A note from Andy, your guest reviewer for the next month:
I will be supporting Allison in two ways throughout November as she participates in National Novel Writing Month. First, I will do my best to stay out of her way. Second, I am taking on her blog duties by writing four or five guest reviews and possibly some other posts.
In my review of The Monster at the End of this Book, I made a remark about young children and e-books. For my mid-week post, I’d like to turn that comment into a discussion: should young children (pre-readers and beginning readers) use e-books?
This post will be short on facts and long on opinion. There are articles and studies out there about kids and electronics. There’s a study that shows that Baby Einstein videos actually interfere with language development. And there have been oodles of studies that show that TV is bad for kids. However, studies of the effects of e-books on beginning readers are scarce; in two or three minutes of “thorough” Googling, I found precisely zero.
I did find articles saying that even avid e-readers prefer real books for their young children, although the primary reason for this may be that few people want their expensive Nook or Kindle to short out due to excessive baby drool, or to be kicked down the stairs by a four-year-old on a sugar high. In other words, I may be imagining a problem that doesn’t exist. On the other hand: publishers already offer many e-books for beginning readers, there’s bound to be kid-friendlier e-readers on the horizon, and people are embracing electronic gadgets more and more each day.
Young child with book. (Photo credit: Wikipedia)
In any case, for what it’s worth, here are my completely-unsupported-by-any-existing-research common-sense reasons why real books are better for pre-readers and beginning readers than e-books.
When parents read to their children:
- The child can ask questions
- The parent can enhance and change the story
- Reading time is bonding time
When parents are not available to read to their children, and these children only have access to real books and not e-books:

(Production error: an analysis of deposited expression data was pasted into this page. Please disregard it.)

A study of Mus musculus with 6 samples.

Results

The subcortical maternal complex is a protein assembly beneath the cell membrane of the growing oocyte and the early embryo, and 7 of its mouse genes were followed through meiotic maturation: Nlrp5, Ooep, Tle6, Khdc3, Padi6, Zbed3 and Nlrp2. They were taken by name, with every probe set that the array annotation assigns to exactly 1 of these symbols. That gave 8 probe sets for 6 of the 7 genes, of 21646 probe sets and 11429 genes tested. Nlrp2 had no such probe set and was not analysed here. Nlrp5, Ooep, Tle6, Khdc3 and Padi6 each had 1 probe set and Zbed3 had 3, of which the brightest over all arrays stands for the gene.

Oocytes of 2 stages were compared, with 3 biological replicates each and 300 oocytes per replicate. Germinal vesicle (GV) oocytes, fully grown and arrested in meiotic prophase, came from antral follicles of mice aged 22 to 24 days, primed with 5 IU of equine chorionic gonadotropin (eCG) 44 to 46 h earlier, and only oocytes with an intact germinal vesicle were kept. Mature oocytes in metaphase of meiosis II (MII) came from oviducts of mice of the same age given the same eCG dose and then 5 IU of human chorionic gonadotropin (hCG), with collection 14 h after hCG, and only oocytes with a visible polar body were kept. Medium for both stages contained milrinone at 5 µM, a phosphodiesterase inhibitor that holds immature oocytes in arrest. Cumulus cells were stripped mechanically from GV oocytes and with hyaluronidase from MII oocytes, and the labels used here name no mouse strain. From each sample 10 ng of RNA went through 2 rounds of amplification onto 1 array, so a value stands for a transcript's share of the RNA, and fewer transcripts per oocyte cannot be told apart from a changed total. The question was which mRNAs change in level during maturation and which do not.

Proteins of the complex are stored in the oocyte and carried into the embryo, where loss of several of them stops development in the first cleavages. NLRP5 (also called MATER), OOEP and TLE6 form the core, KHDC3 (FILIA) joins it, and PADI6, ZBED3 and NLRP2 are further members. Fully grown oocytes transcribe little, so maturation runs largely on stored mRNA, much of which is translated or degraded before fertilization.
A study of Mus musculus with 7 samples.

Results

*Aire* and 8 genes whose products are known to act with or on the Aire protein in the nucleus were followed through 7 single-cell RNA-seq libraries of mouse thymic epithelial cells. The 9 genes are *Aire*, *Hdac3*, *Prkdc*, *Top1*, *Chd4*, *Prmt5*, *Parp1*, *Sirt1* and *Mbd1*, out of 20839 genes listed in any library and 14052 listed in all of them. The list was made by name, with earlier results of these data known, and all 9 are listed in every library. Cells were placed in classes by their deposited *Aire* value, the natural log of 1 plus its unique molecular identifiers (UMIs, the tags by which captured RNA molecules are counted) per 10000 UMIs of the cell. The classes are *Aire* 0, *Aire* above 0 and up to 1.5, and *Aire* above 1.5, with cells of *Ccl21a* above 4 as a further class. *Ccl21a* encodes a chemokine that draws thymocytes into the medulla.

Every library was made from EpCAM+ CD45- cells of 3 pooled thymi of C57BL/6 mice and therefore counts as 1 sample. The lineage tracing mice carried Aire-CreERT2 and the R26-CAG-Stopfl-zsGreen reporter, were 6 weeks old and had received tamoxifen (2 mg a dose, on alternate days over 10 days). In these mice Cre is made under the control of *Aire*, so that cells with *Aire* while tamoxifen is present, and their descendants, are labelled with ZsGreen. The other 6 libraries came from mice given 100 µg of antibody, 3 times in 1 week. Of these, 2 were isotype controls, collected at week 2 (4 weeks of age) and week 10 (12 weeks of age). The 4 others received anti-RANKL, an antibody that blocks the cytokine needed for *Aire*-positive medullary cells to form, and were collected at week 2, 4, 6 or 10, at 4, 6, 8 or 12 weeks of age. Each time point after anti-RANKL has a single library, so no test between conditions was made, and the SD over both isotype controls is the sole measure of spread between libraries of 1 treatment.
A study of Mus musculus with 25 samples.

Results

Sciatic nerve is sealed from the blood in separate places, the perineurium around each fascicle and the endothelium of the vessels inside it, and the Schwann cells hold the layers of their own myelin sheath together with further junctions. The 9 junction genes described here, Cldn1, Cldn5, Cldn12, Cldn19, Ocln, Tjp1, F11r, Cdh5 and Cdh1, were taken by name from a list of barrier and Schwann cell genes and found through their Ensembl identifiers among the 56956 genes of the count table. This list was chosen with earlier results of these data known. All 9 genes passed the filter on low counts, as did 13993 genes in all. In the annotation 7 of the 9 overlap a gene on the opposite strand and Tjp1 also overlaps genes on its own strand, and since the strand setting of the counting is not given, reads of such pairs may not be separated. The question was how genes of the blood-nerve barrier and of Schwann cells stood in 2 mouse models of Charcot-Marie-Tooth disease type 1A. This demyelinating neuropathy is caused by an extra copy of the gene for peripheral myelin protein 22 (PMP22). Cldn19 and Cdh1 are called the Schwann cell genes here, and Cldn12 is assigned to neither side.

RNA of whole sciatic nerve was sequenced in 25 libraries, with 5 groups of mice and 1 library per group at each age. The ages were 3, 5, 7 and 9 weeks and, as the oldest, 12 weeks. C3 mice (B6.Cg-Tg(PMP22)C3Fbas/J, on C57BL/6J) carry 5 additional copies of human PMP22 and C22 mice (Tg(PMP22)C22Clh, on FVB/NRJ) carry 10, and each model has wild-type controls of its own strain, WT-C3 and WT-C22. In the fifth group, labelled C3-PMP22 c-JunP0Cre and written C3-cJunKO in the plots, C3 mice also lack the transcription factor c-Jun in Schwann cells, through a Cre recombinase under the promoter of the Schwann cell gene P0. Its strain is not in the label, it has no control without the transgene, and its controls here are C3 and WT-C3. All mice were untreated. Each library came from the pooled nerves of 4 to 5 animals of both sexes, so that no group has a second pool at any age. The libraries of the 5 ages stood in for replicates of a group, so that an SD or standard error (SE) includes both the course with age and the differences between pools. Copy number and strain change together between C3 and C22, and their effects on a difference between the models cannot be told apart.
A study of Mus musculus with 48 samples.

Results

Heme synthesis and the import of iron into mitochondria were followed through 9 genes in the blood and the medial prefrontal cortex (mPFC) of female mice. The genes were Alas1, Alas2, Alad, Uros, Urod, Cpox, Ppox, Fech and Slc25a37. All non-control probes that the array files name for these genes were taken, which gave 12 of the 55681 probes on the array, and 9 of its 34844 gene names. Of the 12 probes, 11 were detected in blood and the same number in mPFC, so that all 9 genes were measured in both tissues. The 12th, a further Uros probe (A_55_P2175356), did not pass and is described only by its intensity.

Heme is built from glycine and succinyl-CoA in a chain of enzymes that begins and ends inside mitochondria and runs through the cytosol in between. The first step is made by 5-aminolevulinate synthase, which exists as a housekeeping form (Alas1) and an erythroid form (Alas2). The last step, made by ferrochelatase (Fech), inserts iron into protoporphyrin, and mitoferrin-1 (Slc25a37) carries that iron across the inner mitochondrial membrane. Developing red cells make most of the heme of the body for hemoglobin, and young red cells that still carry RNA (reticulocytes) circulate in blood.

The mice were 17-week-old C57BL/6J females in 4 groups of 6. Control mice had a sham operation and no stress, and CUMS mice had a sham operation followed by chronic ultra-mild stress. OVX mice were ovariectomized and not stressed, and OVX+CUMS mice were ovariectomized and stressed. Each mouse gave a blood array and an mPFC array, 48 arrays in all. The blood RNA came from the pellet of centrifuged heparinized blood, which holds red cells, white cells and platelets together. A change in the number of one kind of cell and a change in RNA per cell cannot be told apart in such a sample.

- Children are motivated to learn how to read on their own
- Children learn how to do without things, which motivates them to be resourceful, imaginative, and patient
Another thing I don’t like about e-books for young children is that they often have added interactivity. The child can click a part of the picture and be rewarded with a sound and/or an animation. They can also click words and hear what they sound like. My problem with this “interactivity” is:
- It distracts from any actual reading
- The e-book is entertaining the child, whereas when a child reads a book they are entertaining themselves
- The interactivity is the same every time
Look back at my list of what’s good about parents reading to their children. There’s a word that can be used to describe my first two points: interactivity. And unlimited interactivity at that. There’s no limit to the questions a child can ask, and there’s no limit to a parent’s ability to change a story (which can be as subtle as differences in tone and inflection, or as extreme as adding dialog and action). Whereas “interactive” e-books have very limited interactivity, and I suspect children will quickly become bored with them.
Many parents already use electronic devices to babysit their children. TVs, electronic toys, video games, now e-books. Many new cars have built-in “entertainment systems” so kids never have to go even a few minutes without some form of electronic stimulation. Does anyone really think all these things are a benefit to children? Kids today (imagine that I’m saying this in my grumpy old man voice) are addicted to stimulation. They can’t stand to NOT be doing something. But the things they feel the “need” to be doing are not the kinds of things that enrich. They are the kinds of things that turn them into zombies that stare at screens and press buttons.
We live in an electronic world. Your child will not be able to avoid electronic devices, nor should they. But there will be plenty of time for them to learn how to interact with touch screens and type with their thumbs. Childhood is a time for learning about the world, and there’s much more to the world than electronic devices.